S&P maintains the credit ratings agency is constantly improving its methodologies, something Deutsche Bank does not deny. However, the latest announced changes inspired the recent Deustsche note from Harris Trifon.
"The catalyst for the change was in all likelihood last summer’s much publicized failure to confirm final ratings on a conduit transaction on the eve of the settlement date," he said in an email speculating on S&P strategy.
"The rating agency’s market share which previously had already fallen well below the pre-crisis levels, flat lined after last summer and has remained there since," Trifon said, adding that the CMBS ratings changes, as expected, are a marked improvement. "After all, a rating agency like any other business will not stay in business very long if it’s primary source of revenue disappears."
Changes to Standard & Poor's approach to rating commercial mortgage-backed securities conduit/fusion transactions led Goldman Sachs ($158.72 1.31%) and Citigroup ($50.52 -0.01%) to pull a CMBS deal from the secondary markets, the deal Trifon is likely referencing.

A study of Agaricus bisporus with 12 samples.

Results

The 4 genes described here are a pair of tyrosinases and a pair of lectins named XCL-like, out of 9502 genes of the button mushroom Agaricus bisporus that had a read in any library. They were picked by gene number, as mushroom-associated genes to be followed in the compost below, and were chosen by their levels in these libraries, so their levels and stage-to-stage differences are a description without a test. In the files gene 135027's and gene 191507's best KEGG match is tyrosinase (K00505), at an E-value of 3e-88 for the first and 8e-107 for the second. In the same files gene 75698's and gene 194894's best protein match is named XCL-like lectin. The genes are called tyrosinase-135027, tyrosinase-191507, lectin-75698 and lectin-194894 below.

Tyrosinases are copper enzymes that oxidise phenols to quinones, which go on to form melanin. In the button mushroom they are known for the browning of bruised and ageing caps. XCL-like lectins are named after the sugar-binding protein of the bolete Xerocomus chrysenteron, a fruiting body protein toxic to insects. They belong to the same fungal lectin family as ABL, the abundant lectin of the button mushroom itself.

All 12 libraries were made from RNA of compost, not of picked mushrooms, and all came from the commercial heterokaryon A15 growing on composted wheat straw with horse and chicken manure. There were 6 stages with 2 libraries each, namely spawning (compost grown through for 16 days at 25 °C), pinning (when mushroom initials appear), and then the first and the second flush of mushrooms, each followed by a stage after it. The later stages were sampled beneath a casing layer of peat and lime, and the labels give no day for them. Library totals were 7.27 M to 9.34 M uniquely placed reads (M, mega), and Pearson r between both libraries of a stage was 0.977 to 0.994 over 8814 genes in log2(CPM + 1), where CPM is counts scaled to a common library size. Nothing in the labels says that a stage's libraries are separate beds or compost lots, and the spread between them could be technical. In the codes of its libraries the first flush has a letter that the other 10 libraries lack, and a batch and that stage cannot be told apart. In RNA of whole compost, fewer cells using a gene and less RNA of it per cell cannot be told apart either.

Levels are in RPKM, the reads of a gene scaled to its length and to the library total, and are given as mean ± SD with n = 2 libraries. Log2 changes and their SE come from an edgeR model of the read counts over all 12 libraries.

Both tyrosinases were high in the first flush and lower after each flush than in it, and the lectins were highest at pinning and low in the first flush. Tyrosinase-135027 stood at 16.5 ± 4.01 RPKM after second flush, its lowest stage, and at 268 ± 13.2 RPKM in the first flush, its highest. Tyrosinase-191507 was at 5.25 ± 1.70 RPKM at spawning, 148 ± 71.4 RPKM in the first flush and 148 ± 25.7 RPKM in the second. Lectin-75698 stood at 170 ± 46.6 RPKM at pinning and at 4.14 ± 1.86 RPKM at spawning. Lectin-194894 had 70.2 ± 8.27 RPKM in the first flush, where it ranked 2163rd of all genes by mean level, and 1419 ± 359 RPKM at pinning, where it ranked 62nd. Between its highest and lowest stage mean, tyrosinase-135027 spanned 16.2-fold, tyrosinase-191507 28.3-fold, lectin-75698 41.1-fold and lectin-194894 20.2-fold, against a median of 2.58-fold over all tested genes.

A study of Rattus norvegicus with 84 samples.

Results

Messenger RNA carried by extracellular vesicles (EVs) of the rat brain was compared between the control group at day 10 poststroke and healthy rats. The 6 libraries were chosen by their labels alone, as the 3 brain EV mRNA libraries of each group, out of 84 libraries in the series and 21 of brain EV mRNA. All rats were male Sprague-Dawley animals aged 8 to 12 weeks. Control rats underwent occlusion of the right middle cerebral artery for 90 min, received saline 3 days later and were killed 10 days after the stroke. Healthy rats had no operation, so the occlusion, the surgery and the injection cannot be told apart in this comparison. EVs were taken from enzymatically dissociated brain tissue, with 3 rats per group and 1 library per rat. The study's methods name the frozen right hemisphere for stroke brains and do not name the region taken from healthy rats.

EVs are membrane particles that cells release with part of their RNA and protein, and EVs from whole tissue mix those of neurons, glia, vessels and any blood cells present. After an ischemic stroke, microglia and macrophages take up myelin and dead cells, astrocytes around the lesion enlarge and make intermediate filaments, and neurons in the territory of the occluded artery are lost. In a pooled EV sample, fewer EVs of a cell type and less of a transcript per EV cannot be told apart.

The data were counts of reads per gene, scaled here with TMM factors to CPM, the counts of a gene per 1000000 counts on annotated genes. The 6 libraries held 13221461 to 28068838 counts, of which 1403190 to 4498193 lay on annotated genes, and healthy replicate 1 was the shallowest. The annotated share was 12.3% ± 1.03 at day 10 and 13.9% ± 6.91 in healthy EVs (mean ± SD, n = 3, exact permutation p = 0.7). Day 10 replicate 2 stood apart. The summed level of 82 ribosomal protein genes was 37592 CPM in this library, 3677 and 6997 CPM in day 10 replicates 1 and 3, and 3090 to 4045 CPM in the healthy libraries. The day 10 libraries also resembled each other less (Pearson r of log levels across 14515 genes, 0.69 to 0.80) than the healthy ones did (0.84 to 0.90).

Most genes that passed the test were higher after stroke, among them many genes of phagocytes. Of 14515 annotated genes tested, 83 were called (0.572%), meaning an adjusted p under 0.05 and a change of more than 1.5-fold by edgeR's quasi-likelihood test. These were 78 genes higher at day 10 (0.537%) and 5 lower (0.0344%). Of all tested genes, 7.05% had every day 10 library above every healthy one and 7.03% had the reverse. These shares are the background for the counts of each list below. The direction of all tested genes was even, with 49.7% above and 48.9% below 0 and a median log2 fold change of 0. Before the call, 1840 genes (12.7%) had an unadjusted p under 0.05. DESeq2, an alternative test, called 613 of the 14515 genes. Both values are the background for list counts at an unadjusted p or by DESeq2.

The joint Goldman, Citi deal — GS Mortgage Securities Trust 2011-GC4 — was expected to close and settle in July 2011. Instead, the issuers withdrew the deal from the market.
Among other changes, S&P will differentiate underlying commercial properties based on location, whether they're in the largest, secondary or tertiary markets.
Roughly 15% of the 1,100 tranches and 100 transactions S&P analyzed for the criteria changes will be downgraded. Another 10% will receive upgrades, and three-quarters of the deals will be unaffected.